We’ve all seen them on the freeway—cars with their turn signals blinking steadily, but not changing lanes, driven by old guys in their extreme seventies or eighties. Apparently, some old men activate their turn signals before they even start the car.
Monastic Cell on Wheels
Being an old guy myself, I do something similar. The first thing I do when I start to drive is to turn off the radio if it’s on. Yes, often before I even fasten the seat belt. I value the solitude of being alone in the car and I enjoy the silence. Road and motor noise is still there, of course, but that soon becomes just background white noise.
In the quiet and routine of highway driving I can think about the main points of a blog post or an article I am writing. I can pray for people and situations, and I can talk to myself as I think through a problem or make plans for a project.
What I find most valuable, however, is to quieten my mind and let thoughts well up from deep within. New ideas, old notions with a new twist, and interesting concepts—my subconscious happily brings up these sorts of things into my silently waiting conscious brain so I can play with them. Yes, I toy with a new idea, handling it, dressing it up as my granddaughters used to do with a new doll.
Walking, biking, sitting on a hilltop, or just in an easy chair in an quiet house gives the same opportunity. Solitude and silence and are the keys that unlock our innermost wisdom and insights.
What God Says Directly
God knows there are times we need to stop working, struggling and talking. That’s why He tells us “Be still (stop whatever you are doing) and know that I am God.” (Ps. 46:10)
God also knows that His people sometimes rebel and avoid the very actions that will bring them what they need the most. Isaiah 20:15 states God’s frustration, “In repentance and rest is your salvation, in quietness and trust is your strength, but you would have none of it.”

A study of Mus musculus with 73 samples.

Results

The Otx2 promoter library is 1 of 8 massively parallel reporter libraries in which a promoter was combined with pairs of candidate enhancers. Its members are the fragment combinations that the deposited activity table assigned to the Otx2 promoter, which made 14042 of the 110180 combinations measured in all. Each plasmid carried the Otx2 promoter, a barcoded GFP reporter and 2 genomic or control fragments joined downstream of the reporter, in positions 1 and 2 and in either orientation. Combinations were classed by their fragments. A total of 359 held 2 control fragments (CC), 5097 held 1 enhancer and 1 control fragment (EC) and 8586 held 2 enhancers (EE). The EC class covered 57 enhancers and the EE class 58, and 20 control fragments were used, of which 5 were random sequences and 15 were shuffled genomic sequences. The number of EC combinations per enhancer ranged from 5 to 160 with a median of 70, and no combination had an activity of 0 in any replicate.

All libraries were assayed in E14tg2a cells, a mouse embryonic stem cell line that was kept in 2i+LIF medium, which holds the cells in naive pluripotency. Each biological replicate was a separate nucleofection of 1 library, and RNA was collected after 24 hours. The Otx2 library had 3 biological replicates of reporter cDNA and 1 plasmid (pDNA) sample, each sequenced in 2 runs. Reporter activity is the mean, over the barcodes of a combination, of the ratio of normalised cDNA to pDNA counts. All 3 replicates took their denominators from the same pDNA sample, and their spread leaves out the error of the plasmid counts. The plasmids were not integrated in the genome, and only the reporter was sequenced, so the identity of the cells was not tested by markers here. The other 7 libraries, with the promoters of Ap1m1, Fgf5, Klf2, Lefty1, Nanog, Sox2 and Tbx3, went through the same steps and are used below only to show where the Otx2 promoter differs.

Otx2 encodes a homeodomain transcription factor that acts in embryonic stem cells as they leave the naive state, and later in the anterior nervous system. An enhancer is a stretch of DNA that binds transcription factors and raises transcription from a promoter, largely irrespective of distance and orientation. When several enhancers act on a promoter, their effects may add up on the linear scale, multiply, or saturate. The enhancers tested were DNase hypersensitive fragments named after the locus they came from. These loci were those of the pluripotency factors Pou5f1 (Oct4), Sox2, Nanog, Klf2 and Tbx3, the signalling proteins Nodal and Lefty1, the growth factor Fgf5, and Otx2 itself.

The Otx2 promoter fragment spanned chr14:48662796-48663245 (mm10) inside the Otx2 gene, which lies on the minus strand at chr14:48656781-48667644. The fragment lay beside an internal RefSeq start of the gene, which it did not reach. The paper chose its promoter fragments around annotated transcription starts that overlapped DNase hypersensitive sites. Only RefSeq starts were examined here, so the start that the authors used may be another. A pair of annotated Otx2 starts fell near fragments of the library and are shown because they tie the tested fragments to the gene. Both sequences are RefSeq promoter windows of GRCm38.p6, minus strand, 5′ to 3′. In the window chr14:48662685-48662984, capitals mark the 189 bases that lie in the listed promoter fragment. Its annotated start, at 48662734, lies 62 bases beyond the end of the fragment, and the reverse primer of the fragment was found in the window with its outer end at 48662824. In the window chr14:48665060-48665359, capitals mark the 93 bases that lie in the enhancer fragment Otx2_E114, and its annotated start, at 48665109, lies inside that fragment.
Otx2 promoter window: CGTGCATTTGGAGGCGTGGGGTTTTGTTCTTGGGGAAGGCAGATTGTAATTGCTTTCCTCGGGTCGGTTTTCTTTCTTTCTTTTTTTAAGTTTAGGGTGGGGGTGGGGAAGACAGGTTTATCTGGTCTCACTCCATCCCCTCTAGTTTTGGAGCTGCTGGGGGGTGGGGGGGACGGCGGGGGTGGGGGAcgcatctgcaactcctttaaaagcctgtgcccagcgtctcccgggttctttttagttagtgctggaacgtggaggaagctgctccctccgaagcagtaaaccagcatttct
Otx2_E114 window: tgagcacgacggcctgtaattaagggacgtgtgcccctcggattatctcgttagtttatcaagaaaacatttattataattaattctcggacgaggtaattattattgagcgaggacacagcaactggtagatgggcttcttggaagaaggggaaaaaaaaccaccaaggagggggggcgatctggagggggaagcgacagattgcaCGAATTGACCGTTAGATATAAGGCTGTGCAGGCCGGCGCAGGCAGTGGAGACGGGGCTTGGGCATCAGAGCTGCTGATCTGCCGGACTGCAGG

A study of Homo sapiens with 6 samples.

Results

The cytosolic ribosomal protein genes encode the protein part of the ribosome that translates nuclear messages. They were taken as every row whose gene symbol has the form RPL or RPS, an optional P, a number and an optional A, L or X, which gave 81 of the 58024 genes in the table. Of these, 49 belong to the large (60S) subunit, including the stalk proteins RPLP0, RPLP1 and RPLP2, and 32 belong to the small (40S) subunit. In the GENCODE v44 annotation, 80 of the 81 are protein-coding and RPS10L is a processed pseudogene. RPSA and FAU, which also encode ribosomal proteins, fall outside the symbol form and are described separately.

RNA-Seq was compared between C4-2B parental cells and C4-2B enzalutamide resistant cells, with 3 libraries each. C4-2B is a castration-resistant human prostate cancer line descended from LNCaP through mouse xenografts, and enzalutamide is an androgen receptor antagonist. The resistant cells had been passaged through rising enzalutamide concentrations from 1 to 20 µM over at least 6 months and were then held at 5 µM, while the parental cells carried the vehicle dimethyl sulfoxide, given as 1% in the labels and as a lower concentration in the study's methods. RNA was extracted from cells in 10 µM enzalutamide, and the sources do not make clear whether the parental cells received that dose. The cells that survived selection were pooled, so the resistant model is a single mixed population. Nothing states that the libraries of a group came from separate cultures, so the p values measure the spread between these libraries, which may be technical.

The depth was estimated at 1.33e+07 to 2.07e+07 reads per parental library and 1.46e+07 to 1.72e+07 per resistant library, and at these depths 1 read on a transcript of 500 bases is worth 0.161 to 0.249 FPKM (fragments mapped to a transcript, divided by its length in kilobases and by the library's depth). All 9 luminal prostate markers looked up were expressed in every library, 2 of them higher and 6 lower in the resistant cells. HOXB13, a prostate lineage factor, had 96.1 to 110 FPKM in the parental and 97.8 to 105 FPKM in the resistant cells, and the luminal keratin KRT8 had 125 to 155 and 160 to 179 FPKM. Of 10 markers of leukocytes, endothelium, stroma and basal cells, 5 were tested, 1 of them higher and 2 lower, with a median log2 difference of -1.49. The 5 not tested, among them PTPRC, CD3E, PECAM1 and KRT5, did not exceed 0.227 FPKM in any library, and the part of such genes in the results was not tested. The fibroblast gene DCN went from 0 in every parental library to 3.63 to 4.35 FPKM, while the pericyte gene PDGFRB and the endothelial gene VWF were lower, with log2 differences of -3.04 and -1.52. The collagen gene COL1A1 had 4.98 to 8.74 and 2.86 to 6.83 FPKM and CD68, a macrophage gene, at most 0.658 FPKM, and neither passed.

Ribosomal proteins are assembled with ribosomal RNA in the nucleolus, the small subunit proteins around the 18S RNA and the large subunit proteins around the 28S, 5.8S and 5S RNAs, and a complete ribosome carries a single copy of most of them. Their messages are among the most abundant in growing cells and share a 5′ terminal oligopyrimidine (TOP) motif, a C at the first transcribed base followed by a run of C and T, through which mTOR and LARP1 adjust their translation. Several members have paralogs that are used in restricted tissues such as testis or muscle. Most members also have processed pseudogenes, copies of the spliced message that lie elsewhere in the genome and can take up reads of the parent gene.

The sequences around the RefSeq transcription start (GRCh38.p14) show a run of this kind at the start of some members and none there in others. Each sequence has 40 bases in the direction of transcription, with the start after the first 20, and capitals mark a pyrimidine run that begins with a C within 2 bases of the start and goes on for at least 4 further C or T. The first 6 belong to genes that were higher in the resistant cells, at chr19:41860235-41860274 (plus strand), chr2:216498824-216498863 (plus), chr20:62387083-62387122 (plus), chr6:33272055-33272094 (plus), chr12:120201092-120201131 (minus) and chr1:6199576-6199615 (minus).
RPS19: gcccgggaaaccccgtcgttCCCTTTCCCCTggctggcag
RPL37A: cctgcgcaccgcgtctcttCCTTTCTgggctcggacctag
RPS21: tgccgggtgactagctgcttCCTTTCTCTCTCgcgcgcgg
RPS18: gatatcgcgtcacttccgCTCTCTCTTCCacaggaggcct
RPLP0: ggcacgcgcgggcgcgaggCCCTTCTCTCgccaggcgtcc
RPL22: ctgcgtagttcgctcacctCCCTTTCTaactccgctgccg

What God Says Indirectly
Wise people throughout the ages have reiterated the value of silence and solitude. Nearly four-hundred years ago, Blaise Pascal, a brilliant scientist, inventor and Christian philosopher wrote, “All of humanity’s problems stem from man’s inability to sit quietly in a room alone.” (The generic word “man” includes women and children!)
I’ll never forget overhearing some women behind me in the grocery store checkout line. “Our TV quit last week,” one complained, “and I always have it on whenever I am home. It was three days before we could get a new one, and it was so quiet. I felt terrible, like someone had died. I hated to go home, I couldn’t stop thinking.”
Solitude and Silence are two of the basic spiritual disciplines of the Christian life that have been taught and practiced for many generations. The two disciplines go together, as fellow Dutchman, Henri Nouwen, well-known Christian author and theologian wrote, “Silence is the way to make solitude a reality.”
Some Practical Ways
When I go into my study to read, write or think, I close the door and have instant solitude. Silence is easy when there is no one else home, but usually my wife, Jo, is there, talking on the phone or checking out YouTube. So, to cover these distractions I play music on my computer, usually classical, smooth jazz or country & western. All of it instrumental—absolutely no words. Too distracting.
I am usually the only one not tapping and swiping his phone in the clinic waiting room. I stare at a far wall, and let my thoughts come. Recently I got this idea, “Pray silently for every single person in this room to have peace and health. Pray for the nurses to do their procedures efficiently. Pray for the doctors to have insight and wisdom in diagnosis and prescription.”
My personality is mid-way between introvert and extrovert. Silence and Solitude are probably easy disciplines for introverts. How about you extroverts, who love interacting with others? How do you practice these disciplines to unlock the treasures within your own mind?